Battle of Vicksburg Lesson for Kids: Summary & Facts

Instructor: Jennifer Lowery

Jennifer has taught elementary levels K-3 and has master's degrees in elementary education and curriculum/instruction and educational leadership.

The Battle of Vicksburg was a significant battle in the Civil War of the United States. In this lesson, learn how and why this battle occurred, who the important military leaders were, and which side was victorious in this Civil War battle.

Nation at War

How would you feel if the area of the country where you lived was at war with another part of the country? That's exactly what happened during the Civil War in the United States (1861 - 1865). States in the south were known as the Confederacy, and they were fighting in support of slavery. States in the north were part of the Union and were against the practice of slavery. The Civil War was full of violent and bitter battles throughout the country and this lesson is going to take a look at the very significant Battle of Vicksburg.

Vicksburg Fortress

The Vicksburg fortress was a Confederate-controlled area on the Mississippi River in Mississippi. It was important to the Union forces that they overtake this fortress. In fact, President Abraham Lincoln stated, ''Vicksburg is the key! The war can never be brought to a close until that key is in our pocket.''

John Pemberton

If you were cheering for a specific team, would it be hard to switch and cheer for the opposite team? Probably so! This is kind of what happened with John Pemberton. He was someone who originally supported the Union cause, but when he married a lady from Virginia, his loyalties changed. Virginia was a Confederate state, so it is believed that his marriage was the reason for the switch. In fact, not only was he a Confederate supporter, but he was also the general of the Confederate forces at Vicksburg!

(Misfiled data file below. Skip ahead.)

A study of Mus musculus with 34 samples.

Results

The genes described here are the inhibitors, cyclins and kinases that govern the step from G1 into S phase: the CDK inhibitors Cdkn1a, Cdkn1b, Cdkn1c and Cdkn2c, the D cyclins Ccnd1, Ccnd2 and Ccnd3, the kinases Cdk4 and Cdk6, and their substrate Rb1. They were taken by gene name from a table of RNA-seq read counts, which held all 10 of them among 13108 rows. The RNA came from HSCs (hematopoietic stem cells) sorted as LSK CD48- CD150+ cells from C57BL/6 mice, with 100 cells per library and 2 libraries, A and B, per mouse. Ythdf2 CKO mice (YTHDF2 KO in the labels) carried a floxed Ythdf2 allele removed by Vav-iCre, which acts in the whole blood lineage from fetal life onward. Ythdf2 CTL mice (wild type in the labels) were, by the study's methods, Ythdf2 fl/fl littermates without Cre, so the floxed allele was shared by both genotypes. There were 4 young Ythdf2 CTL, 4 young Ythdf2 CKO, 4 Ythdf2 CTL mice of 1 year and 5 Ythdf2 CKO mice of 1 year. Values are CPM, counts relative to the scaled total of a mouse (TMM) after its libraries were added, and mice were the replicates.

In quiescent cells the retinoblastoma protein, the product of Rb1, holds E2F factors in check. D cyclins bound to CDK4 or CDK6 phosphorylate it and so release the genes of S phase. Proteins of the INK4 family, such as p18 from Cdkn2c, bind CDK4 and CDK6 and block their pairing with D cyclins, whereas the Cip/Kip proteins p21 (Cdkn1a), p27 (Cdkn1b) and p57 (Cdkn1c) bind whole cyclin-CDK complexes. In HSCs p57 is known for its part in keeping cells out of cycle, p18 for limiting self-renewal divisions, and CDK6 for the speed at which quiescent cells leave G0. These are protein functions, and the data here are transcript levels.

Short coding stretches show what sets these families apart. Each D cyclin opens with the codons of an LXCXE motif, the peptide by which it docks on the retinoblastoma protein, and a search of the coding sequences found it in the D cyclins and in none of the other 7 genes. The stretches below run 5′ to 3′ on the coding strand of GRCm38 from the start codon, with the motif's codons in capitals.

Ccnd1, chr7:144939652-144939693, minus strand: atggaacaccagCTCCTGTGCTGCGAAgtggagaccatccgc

John Pemberton, leader of the Confederate forces at Vicksburg

First Battles

In the summer of 1862, and again in December, the leader of the Union forces, Major General Ulysses S. Grant, had been unsuccessful in his attempts to conquer the Vicksburg fortress. But, he did not give up. In April of 1863, he decided to attack Vicksburg from the south. After several unsuccessful assaults, Major General Grant decided on a new tactic.

The first attempts to overtake Vicksburg were unsuccessful for the Union.

Long Siege

On May 22, 1863, Grant and the Union forces began what is now called the Siege of Vicksburg. This meant that he surrounded Vicksburg and cut off supplies and support that the Confederates needed. It's hard to believe, but this siege attack lasted over 40 days!

Once the Confederate forces led by Pemberton were surrounded, their defeat was inevitable.

During this time, Grant's men dug trenches and tunnels that would help them get access to the Confederate forces. People who lived in Vicksburg had to hide in caves to stay safe, and they were hungry because food supplies had been cut off.